Russian splits


Differing claims about the Russian capture of an eastern Ukrainian town tell us something about the power struggles in the Kremlin

“Now it’s not clear exactly what’s going on inside Soledar, but it seems that the Ukrainians have been pushed out, and are very much on the outskirts at the moment, but the big concern is for civilians, who are still trapped inside…”

Sky News reporters in Soledar

Russia claims that it has captured Soledar, a town in Ukraine’s eastern Donetsk region. 

Ukraine, on the other hand, says the fight for the town isn’t over yet.

That is the way wars go. One side claims victory and the other denies it until reality, whatever it might be, becomes undeniable.

But in this case there were different versions of Russia’s story, which sheds some light on what’s going on in the Russian military – and at the top of the Russian government.

The initial claim of victory didn’t actually come from the Russian military…

“Russian oligarch Yevgeny Prigozhin released this picture, claiming he was in the salt mines under the city, and that his private army had taken control…”

NBC News report

Yevgeny Prigozhin is a close ally of Russian president Vladimir Putin. 

He’s also the leader of the Wagner Group, a loose network of mercenaries that’s backed by the Russian government. It’s fought in Syria, Venezuela and several African countries too.

“Earlier the Russian mercenary group posted a video online saying that its fighters were already in town.”

Al-Jazeera news report

He boasted that “no other units took part in the storming of Soledar apart from Wagner”. But the Russian defence ministry rebuffed that claim, with its chief spokesperson saying it was the Russian Airborne Forces that secured the town.

The Wagner boss addressed these tensions directly in a statement, saying that the Russian military is “constantly trying to steal victory” from his group and that he was worried about the, quote, “internal struggle, corruption, bureaucracy and officials who want to stay in place”.

This isn’t the first time that tensions between Russia’s top military brass and the Wagner Group have been on display.

In October it was reported that Yevgeny Prigozhin had confronted Vladimir Putin over the mismanagement of the war and also publicly criticised Russian generals.

“And tonight after its previous military setbacks, Russia announced that the head of Russian forces in Ukraine will be replaced – after just three months on the job.”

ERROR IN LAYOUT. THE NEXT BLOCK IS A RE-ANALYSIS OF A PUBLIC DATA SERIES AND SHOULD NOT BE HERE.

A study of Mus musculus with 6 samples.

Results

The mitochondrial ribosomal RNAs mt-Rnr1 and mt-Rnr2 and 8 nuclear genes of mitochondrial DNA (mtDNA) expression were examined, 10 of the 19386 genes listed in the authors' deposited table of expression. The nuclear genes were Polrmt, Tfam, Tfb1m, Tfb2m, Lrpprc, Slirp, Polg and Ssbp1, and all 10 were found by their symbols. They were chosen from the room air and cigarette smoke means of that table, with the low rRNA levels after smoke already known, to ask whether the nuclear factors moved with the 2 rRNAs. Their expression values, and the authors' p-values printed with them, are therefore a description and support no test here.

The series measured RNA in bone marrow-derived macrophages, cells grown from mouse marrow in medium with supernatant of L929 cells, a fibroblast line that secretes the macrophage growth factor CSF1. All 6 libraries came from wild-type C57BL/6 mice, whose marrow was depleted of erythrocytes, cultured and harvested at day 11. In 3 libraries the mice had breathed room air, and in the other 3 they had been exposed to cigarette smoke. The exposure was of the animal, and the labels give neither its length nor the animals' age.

NBC News report

There have been other tensions, too. 

After Yevgeny Prigozhin specifically criticised Valery Gerasimov, Russia’s Chief of the General Staff, Gerasimov was put in charge of the Russian campaign in Ukraine. The move was seen as a rebuke to Prigozhin and his mercenaries.

Yevgeny Prigozhin has used the war to boost his own public profile. He finally claimed responsibility for the Wagner group in the autumn and has since advocated for more hardline tactics in Ukraine. The exiled Russian businessman Mikhail Khodorkovsky thinks he’s readying himself for life after Vladimir Putin, who has come under increasing pressure at home. There’s speculation that his long stint in power could soon be coming to an end.

And that helps explain why Soledar matters. The town isn’t of any kind of strategic importance, but Russia hasn’t had many victories in this war and Vladimir Putin needs one.

“From our standpoint, from a Western viewpoint we would say that it’s absolutely not worth it… but from the Russian point of view, especially from Putin’s point of view, any type of victory is important now, and what he’s doing is he is finding a place where he can not only make this stand, but take it over and that is why Soledar has become so important Putin – it is a symbolic, and  perhaps pyrrhic victory, but if he does go through with it, it will be a victory that he can then tout in his propaganda organs…

Retired Air Force Col. Cedric Leighton

But one Russian victory, six months since the last one, is hardly something for Vlardimir Putin to crow about. In fact, the last time Russia took a town in Ukraine, a Ukrainian counter-offensive swept through the country, retaking swathes of land.

The best hope for Russia would be to take Bakhmut, a neighbouring town rich in natural resources, before preparing for an assault on Kramatorsk – a nearby city of strategic importance. 

But that’s a lot of big ifs.

For now, the challenge for the Russian military will be to hold on to Soledar. What happens there may determine how long Vladimir Putin himself manages to hold on to power.

This episode was written by James Wilson and mixed by Patricia Clarke.